This story was corrected at 9:48 a.m. Details are below.
Michael Jackson's position in long-time efforts to make the much-coveted Beatles catalog available digitally is one of the most misunderstood aspects in the very complicated negotiations.
The sudden death of one of the world's best known entertainers on Thursday will have no impact on whether songs from the Fab Four will finally make it to iTunes and other Web music stores. Rumors aside, no deals are imminent, music sources told CNET News.
Jackson bought ATV Music Publishing, the company that owned the words and music to 250 Beatles songs, nearly 25 years ago. He sold a 50 percent share in the company to Sony in 1995 and together they operated Sony/ATV. The actual recordings of the Beatles playing their songs is owned by EMI, one of the four largest music labels, and Apple Corp., the company that looks after the Beatles' business holdings and rights.
What that means is that if you want to record and release a version of "Help," then you need to compensate Sony/ATV. A filmmaker wishing to add a recording of the Beatles performing the song to a soundtrack must negotiate with EMI and Apple Corp.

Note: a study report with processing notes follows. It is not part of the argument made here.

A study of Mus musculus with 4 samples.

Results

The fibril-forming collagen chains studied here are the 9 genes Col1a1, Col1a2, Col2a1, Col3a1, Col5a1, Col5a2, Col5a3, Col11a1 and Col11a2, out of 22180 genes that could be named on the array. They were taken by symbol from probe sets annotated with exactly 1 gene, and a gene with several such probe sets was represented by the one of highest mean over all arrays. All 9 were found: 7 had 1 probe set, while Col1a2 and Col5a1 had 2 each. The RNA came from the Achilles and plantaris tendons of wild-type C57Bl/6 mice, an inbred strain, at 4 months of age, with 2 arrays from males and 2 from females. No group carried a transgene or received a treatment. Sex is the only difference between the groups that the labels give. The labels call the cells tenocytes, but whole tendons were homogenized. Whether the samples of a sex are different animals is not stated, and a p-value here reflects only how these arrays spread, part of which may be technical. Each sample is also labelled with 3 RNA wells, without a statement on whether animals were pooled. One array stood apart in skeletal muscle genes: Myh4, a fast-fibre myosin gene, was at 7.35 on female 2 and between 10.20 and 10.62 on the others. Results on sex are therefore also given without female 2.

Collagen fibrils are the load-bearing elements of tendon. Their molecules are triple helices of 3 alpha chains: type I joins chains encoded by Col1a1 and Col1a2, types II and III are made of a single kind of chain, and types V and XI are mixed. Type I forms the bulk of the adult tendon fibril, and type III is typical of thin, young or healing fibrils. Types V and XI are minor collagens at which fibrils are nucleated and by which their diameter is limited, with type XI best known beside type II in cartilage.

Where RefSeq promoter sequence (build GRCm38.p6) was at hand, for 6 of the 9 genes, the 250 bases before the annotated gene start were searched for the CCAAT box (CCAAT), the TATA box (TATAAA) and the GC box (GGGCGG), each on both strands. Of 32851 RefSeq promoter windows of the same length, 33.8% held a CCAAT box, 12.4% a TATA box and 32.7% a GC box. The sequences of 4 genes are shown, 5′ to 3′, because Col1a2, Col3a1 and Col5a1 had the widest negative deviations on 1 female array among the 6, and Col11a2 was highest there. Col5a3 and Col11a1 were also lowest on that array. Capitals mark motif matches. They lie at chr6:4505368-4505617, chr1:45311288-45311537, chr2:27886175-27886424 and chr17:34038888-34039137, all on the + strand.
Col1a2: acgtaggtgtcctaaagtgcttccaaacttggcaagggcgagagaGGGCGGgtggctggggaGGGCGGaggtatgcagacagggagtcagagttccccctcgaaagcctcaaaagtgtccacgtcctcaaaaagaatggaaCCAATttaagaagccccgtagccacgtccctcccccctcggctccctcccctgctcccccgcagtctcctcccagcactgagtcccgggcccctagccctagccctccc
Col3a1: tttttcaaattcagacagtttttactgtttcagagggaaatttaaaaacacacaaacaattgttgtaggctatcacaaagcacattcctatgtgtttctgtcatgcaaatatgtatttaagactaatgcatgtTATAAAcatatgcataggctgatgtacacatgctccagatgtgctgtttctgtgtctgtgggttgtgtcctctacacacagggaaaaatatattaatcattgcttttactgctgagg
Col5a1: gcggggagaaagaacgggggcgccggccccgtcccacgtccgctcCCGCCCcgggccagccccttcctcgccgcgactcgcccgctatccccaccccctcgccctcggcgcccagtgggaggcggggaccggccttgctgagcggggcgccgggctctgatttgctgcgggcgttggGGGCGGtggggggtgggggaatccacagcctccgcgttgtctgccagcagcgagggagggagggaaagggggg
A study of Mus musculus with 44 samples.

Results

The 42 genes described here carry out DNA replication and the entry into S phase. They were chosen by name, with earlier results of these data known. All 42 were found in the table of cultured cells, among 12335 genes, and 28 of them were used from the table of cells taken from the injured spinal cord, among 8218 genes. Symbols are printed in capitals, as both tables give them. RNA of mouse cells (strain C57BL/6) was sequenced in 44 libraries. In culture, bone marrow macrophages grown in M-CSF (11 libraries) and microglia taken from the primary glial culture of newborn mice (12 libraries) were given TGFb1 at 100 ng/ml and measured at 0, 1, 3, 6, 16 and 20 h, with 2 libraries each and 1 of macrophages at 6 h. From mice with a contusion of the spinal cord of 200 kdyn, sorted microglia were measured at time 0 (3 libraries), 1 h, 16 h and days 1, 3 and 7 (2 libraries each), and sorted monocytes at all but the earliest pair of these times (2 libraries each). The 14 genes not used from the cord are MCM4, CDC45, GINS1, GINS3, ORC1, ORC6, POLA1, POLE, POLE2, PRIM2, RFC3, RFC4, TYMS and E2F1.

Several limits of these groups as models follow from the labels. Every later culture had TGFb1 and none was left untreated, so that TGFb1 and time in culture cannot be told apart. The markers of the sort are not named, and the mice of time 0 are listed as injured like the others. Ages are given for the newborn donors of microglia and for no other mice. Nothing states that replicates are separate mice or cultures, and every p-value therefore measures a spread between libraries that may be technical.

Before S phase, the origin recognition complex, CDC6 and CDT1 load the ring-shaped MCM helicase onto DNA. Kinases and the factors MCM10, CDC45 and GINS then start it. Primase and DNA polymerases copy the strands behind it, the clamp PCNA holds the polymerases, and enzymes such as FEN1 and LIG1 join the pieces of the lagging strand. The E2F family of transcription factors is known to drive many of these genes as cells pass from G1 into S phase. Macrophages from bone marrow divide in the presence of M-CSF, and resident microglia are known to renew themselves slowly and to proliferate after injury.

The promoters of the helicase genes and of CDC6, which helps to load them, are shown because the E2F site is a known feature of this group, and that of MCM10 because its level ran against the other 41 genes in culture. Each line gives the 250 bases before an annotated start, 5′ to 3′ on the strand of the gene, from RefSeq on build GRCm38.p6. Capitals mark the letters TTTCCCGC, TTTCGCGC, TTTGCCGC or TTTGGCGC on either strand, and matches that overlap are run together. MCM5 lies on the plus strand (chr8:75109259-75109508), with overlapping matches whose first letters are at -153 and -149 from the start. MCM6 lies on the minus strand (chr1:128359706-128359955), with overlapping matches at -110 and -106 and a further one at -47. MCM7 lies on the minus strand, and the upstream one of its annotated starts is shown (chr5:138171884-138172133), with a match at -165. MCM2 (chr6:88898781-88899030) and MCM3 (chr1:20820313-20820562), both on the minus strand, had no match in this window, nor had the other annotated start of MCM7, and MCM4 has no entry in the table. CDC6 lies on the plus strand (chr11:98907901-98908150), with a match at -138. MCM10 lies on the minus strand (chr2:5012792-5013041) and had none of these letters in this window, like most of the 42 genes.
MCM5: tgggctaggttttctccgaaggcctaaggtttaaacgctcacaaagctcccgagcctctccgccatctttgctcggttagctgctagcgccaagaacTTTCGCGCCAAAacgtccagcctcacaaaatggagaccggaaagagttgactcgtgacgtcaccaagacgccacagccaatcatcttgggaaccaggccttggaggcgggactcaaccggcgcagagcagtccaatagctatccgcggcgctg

In the latter scenario, Sony/ATV would collect a share of that deal and could veto it since the company owns the copyrights to the music and words. That typically doesn't happen, and to be clear: Sony/ATV has never stood in the way of a digital deal for the Beatles catalog, according to sources with knowledge of the negotiations. Indeed, the sources said that Jackson and Sony/ATV welcomed it.
The Wall Street Journal reported Friday that Jackson was in financial trouble at the time of his death. Jackson borrowed twice against his Sony/ATV stake, according to the Journal story. How that will affect Jackson's stake in Sony/ATV, which was held in trust, is unclear.
"Jackson was incredibly proud of his association with Sony/ATV Music Publishing and his role in the company," said a company representative. "He was a great partner."
Correction: Michael Jackson borrowed against his stake in Sony/ATV, and how that will impact the company is unclear.